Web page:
Associate Professor John A. Perrone
My research fits within the general area of visual perception and visual neuroscience. My PhD thesis focused on visual slant perception and I developed a model of human slant misperception [1,2]. As a Postdoctoral Fellow at NASA Ames Research Center (U.S.A), I applied my surface slant model to the problem of understanding the visual information used by pilots during the approach and landing phase of flight. I was able to successfully account for some of the landing approach errors made by pilots during night-landings .
During the period at NASA Ames Research Center and Stanford University (U.S.A), I shifted my research focus from 'static' perception to the perception of visual motion. At the time, the Vision group at NASA Ames was one of the strongest internationally in terms of motion perception research and it particularly excelled in the development of computer models of visual motion perception. I was able to learn these ‘new’ motion modeling techniques from the NASA researchers and soon published the first physiologically plausible model of human self-motion estimation . In collaboration with Dr Lee Stone, the model was extended  to include the role of eye-movements. Knowing how humans and animals use vision to navigate through the world (self-motion) is an important topic within psychology and in the general field of neuroscience. It also has many important practical applications (e.g., robotics, aerospace and driving research). An advantage of our self-motion estimation model over competing models is that it is closely tied to the known properties of neurons in the primate visual cortex (V1, primary visual cortex; MT, Middle Temporal area; MST, Medial Superior Temporal area).
After the publication of our self-motion estimation model, there was a lot of debate as to whether or not neurons in a particular area of the brain (MST) could do what we had proposed. We carried out tests of our model and verified that the neuron properties were consistent with the model mechanisms .
There was still some debate however about the properties of neurons in another area of the brain (MT) that we had also incorporated into our self-motion estimation model. In collaboration with Dr. Alex Thiele (then at the Salk Institute for Biological Studies, U.S.A.), we showed for the first time that MT neurons are speed tuned . Prior to the publication of our results, there was an open question as to whether or not MT neurons in the brain were truly speed tuned (i.e., do they respond selectively to a particular rate of image motion independently of the spatial structure of the stimulus?).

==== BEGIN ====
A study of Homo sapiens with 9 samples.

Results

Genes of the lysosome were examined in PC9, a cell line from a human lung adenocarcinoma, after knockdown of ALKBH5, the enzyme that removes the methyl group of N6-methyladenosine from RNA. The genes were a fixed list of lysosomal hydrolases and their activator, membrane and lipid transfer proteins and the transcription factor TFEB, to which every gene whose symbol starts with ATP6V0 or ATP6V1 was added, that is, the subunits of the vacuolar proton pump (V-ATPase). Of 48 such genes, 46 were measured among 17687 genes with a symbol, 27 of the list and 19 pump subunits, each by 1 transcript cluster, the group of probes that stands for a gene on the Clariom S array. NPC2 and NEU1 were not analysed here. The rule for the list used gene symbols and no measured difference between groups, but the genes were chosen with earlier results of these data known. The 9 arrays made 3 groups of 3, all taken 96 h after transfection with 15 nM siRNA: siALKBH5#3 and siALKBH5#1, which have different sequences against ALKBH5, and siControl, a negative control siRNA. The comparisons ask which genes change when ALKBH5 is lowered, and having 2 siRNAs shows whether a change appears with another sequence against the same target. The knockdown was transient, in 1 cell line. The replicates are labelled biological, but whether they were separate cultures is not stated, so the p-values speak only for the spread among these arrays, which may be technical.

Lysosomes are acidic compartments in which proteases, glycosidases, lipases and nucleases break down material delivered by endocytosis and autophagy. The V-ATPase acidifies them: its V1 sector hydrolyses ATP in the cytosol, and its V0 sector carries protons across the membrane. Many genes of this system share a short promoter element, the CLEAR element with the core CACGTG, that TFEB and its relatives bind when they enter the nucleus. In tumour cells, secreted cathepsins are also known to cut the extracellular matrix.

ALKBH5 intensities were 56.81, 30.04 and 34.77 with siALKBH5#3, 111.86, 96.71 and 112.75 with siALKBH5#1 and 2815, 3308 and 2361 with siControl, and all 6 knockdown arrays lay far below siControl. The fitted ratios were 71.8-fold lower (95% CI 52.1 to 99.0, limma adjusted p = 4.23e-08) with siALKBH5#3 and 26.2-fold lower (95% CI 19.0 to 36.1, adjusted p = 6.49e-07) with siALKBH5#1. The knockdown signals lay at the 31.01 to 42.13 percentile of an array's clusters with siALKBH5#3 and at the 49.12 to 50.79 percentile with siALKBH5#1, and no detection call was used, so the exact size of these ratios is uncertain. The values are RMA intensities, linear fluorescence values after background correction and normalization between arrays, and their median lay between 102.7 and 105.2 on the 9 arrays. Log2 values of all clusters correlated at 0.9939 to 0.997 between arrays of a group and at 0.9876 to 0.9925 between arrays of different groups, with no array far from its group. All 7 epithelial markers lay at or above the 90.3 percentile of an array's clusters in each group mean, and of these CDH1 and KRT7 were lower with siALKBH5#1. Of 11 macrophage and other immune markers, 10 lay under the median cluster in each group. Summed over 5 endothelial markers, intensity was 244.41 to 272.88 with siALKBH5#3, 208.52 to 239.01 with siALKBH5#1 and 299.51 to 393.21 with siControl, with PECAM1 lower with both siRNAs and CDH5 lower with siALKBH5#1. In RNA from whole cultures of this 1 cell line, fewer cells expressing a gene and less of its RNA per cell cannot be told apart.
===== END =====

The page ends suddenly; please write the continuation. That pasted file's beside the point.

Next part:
I then went on to develop a model of how neurons within area MT could develop speed tuning [8, 9, 10]. This model of the V1-MT stage has an advantage over many other competing models because it can be tested with moving pictures and stimuli that exactly match those used in primate striate and extra-striate cell recordings. It also forms the last phase of my overall plan to develop a general model of visual motion processing in the brain. When completed it will be a very powerful tool for understanding many aspects of motion perception.
One of the first applications for the model will be to apply it to the age-old question of why the world appears still when we move our eyes. This is the topic of a recently funded (2006) Royal Society of New Zealand Marsden grant application: 'Vector addition in the brain: Why the world stays still when we move our eyes' with Professor Rich Krauzlis (the Salk Institute for Biological Studies, U.S.A.) as co-PI.
The Marsden project will make use of our previous experience with motion models and eye-movement research to understand how humans manage to maintain the perception of a stable visual world despite the fact that they constantly move their eyes. During these eye movements, the resulting retinal image motion is ambiguous because it could represent movement of the world, movement of the observer or combinations of both. Despite this ambiguous input, our brains somehow manage to solve this 'eye rotation problem' and correctly construct the perception of a stable world. We have discovered a mechanism (a type of vector addition) that our visual system could potentially use to cancel the effect of eye movements. Using a combination of computer modelling and psychophysical methods, we aim to find evidence for this cancellation mechanism which, if verified, would lead to a significant breakthrough into the long standing question of why eye movements do not cause apparent movement of the world. A solution to the problem would also help provide fundamental insights into the way our brains work and how the brain combines visual and motor signals. This knowledge could also be used for designing better artificial-vision systems for robots.